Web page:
Iran Lashes Out at Britain, Norway Over Support for Protests
Iran’s Foreign Ministry has summoned the British and Norwegian ambassadors in Tehran over their support for the country’s ongoing protests.
Iran’s Foreign Ministry has summoned the British and Norwegian ambassadors in Tehran over their support for the country’s ongoing protests. The Iranian government claimed the support has exacerbated tensions and created a “hostile atmosphere” for diplomacy.
British Ambassador Simon Shercliff was called to the ministry on Saturday as part of an official diplomatic protest to the British government for its hosting of three outlets—BBC Persian, Manoto TV, and Iran International TV, according to Iran’s official IRNA news network. All three of the networks broadcast via satellite, which reaches greater distances and is more difficult to block than conventional television broadcasts.
The Foreign Ministry told Shercliff that the three outlets had helped to “incite … violence and spread … riots,” claiming that they represented state-approved interference. It was particularly critical of Iran International, which it had previously accused of accepting funding from Saudi Arabia, Iran’s primary rival in the Persian Gulf region. Iran International has denied this accusation.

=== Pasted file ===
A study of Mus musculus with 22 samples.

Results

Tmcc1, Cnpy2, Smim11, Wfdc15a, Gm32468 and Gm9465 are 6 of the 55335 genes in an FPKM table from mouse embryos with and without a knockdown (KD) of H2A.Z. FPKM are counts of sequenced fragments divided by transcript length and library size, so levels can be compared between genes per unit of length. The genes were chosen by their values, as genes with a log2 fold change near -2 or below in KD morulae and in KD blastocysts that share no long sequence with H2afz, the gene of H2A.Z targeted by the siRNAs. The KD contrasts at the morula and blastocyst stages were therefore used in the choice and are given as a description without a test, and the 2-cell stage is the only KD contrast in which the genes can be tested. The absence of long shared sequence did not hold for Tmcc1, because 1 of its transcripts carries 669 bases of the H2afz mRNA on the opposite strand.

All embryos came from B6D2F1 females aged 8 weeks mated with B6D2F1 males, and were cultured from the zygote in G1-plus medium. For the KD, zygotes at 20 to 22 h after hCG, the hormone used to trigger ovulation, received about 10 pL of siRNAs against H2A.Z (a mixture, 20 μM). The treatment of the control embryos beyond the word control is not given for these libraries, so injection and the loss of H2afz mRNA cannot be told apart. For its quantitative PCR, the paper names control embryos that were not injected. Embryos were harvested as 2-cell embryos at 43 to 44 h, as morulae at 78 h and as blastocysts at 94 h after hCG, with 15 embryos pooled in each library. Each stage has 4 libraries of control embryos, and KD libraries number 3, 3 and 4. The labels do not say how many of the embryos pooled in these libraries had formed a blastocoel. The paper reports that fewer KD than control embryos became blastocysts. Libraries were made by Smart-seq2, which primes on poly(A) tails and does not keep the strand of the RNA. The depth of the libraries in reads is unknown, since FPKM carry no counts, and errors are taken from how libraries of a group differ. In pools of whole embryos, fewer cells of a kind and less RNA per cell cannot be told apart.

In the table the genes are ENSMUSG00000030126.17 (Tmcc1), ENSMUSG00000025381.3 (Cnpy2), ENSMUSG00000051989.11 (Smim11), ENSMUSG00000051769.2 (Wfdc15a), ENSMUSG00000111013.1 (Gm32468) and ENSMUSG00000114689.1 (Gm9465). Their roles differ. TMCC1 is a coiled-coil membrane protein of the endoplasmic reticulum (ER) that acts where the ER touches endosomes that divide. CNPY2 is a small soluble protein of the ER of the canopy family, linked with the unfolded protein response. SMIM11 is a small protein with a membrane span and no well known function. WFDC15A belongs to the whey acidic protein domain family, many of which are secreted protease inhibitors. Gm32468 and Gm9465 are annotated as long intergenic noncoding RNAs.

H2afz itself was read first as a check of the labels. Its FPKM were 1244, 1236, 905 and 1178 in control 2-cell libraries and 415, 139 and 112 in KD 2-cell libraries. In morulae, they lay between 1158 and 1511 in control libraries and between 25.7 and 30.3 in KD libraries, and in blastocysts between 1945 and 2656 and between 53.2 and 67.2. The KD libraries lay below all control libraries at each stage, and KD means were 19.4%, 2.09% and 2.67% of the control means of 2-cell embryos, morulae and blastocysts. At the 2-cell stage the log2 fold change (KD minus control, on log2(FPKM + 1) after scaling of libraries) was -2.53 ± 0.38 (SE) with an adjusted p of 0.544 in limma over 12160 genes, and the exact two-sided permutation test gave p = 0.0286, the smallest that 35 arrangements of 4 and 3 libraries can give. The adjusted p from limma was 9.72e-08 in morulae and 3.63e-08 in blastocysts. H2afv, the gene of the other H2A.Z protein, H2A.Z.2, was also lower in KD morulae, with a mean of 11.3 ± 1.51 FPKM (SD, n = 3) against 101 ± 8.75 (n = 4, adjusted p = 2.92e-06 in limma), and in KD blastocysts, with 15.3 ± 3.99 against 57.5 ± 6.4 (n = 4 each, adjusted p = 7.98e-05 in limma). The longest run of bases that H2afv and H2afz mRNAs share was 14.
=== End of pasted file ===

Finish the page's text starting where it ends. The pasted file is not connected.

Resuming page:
The Iranian Foreign Ministry also questioned Norwegian ambassador Sigvald Hauge over “meddlesome” remarks made by the country’s parliament speaker, Masud Gharahkani, who was born in Iran and has voiced support for the protests. The Foreign Ministry’s meeting with Hauge occurred after Gharahkani posted a video to his Twitter page in which he spoke to demonstrators in Persian and voiced support for the protests. “Mahsa Amini, 22, died after she was caught by morality police on the streets of Tehran,” the parliament speaker wrote in Norwegian. “In the streets of Iran, young people are crying out for justice. They dream of the same freedom and democracy I have in my country, Norway.” The Foreign Ministry claimed in a statement that Gharahkani’s remarks were “wrong” and “unconstructive” toward the two countries’ relationship.
As Tehran issued its complaints against London and Oslo over the weekend, the protest movement—sparked by the suspicious death of Mahsa Amini, a twenty-two-year-old Kurdish woman arrested by the country’s morality police for failing to cover her hair in public—has continued to spread. By some accounts, major demonstrations have now taken place in nearly 150 cities across all of Iran’s thirty-one provinces, and Iran’s diplomatic posts abroad have also increasingly come under protest. The Iranian embassy in London has seen near-continuous
demonstrations since Amini’s death, and on Saturday night, two unidentified men threw a Molotov cocktail at the Iranian embassy in Athens, Greece, before escaping on a motorcycle.
Trevor Filseth is a current and foreign affairs writer for the National Interest.